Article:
ARLINGTON – It will be argued forever that the Dallas Cowboys’ playoff loss to the Packers yesterday at AT&T Stadium was about the results of rust. Or about the results about readiness. Or about the results of the reliance on rookies.
But to me? Packers 34, Cowboys 31 was exactly what I’d feared it would be: About the results of Rodgers.
Green Bay QB Aaron Rodgers was my regular-season pick for NFL MVP based on the simplest of facts: He is the NFL star with the best chance to get to the Super Bowl with the least amount of help. Cowboys coach Jason Garrett, after suffering through Rodgers’ conversion of a third-and-19 to set up the game-winning field goal with no time remaining, said when it’s all over, Rodgers “will go down as one of the three greatest to ever lace ’em up.”
Dallas has a special tandem in Dak Prescott and Ezekiel Elliott and the Cowboys didn’t lose because they are too young to win (yes, I say that despite our fancy number that shows that now, since 1950, rookie quarterbacks in the playoffs are just 9-20). Prescott is likely to someday be the reason Dallas wins games like this, as here he overcame early errors to become the first NFL rookie QB to throw for three TDs in a playoff game in the last 50 years.
But he wasn’t Rodgers.
Elliott wasn’t the problem, either. He had not played since Dec. 26 against Detroit, but amid some concerns that he might enter the playoffs with “rust,’’ I noted coming into Sunday that in college, after having a layoff ahead of an Ohio State bowl game, Elliott averaged 190 yards and three touchdowns.
Meanwhile, since 1990, NFL teams that rushed for 140 yards or more per game during the regular season — as Zeke’s Cowboys did — are, once they come off their first-round byes, 7-3 all-time. Here, Elliott totaled 22 carries for 125 — numbers that might’ve been more bloated had Dallas not fallen behind 21-3 early.
And how did that happen? Aaron Rodgers.
Rodgers doesn’t have a Zeke at his disposal and he doesn’t have a Dez Bryant (magnificent with nine catches for 142 yards and two TDs), either. But Rodgers has an uncanny knack for keeping plays alive while staying in the pocket, and an uncanny knack for catching a defense with its silver-and-blue pants down. He did so twice early on, earning two “free plays’’ that helped power him to a boxscore-filling set of numbers: 28 of 43 for 356 yards and two TDs.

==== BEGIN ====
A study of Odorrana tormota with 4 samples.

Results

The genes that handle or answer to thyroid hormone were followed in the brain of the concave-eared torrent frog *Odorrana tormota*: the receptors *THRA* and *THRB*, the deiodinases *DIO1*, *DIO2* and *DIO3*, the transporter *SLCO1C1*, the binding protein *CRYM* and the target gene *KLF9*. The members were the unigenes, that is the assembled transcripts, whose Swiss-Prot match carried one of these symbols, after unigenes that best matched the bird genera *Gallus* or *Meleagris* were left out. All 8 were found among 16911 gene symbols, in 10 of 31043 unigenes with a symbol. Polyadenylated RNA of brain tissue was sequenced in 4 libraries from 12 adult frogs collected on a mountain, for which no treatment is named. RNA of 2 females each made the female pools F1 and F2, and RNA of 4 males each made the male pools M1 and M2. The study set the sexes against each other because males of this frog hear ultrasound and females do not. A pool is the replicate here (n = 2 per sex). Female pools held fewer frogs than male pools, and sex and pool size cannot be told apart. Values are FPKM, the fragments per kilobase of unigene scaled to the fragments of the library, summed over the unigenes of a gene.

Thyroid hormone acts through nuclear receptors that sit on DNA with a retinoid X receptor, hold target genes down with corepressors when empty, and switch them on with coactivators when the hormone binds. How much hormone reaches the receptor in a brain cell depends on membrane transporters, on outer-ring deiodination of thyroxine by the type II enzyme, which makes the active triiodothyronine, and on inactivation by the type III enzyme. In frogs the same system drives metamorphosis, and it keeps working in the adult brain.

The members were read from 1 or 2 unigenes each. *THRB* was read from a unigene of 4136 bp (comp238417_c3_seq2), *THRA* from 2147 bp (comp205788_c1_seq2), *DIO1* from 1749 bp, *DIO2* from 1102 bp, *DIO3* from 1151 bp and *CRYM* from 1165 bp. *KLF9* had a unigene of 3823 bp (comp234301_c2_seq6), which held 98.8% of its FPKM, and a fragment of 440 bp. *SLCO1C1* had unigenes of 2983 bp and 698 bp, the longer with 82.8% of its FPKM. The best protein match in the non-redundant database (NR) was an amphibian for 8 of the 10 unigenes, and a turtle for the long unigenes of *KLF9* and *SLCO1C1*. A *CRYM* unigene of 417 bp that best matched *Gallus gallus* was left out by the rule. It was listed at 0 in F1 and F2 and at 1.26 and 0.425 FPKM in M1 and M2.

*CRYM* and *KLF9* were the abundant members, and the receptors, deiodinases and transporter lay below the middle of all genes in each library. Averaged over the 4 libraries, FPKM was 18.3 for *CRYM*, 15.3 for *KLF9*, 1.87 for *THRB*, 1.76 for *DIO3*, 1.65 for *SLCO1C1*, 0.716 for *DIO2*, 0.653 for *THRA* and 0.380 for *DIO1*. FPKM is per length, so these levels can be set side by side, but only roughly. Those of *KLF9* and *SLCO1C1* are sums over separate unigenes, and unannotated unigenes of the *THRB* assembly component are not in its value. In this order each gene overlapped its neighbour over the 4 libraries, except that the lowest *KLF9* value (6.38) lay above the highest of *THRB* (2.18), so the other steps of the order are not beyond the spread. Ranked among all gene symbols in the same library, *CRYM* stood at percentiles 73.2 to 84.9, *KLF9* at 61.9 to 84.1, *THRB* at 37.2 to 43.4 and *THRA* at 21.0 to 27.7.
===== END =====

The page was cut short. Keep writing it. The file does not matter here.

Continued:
I said going into this game that Dallas employed a better, deeper roster and maybe the Packers can argue about that now. The Cowboys’ magnificent 13-3 record during the regular season was built on that highly-bonded group of men, but that’s all immaterial (until next year, anyway). Because while Dallas might be stronger than Green Bay in active roster positions 2-through-46, Green Bay is stronger in position No. 1.
I said going into this game that Prescott wouldn’t need to “match’’ Rodgers or exceed him, something that did happen when the Cowboys won at Green Bay back in October. No, he simply needed to play at the consistently high level the fourth-round rook existed at all year, as he posted the third-highest passer rating in the NFL this year at 104.9. Oh, and in the history of the NFL, starting quarterbacks who finished with 104.0 or greater passer ratings are 25-9 in their opening postseason games. So that was something to feel confident about.
Dallas’ defense also rose to a higher level of playmaking this year than expected; in the last six games of the season, the Cowboys ranked No. 6 in the NFL in sacks. And oh, if you can just sack Rodgers, his lifetime mark when he’s downed three times or more? A mere mortal 32-32. Well, guess what? Dallas sacked Rodgers three times. And it still didn’t matter.
After the game, Dak marveled at Rodgers’ brilliance while coolly adding, “It’s the kind of game I’ve dreamed of playing in since I was a little kid. And I plan to be in many, many more of them.’’
I’m all for that. But this year the Cowboys needed to match Rodgers, needed to exceed Rodgers, needed to endure Rodgers and needed to, in a way that would ruin his night, get to Rodgers. But it didn’t happen. And now Dallas — for whatever reason you choose — doesn’t get to continue on a Super Bowl path either.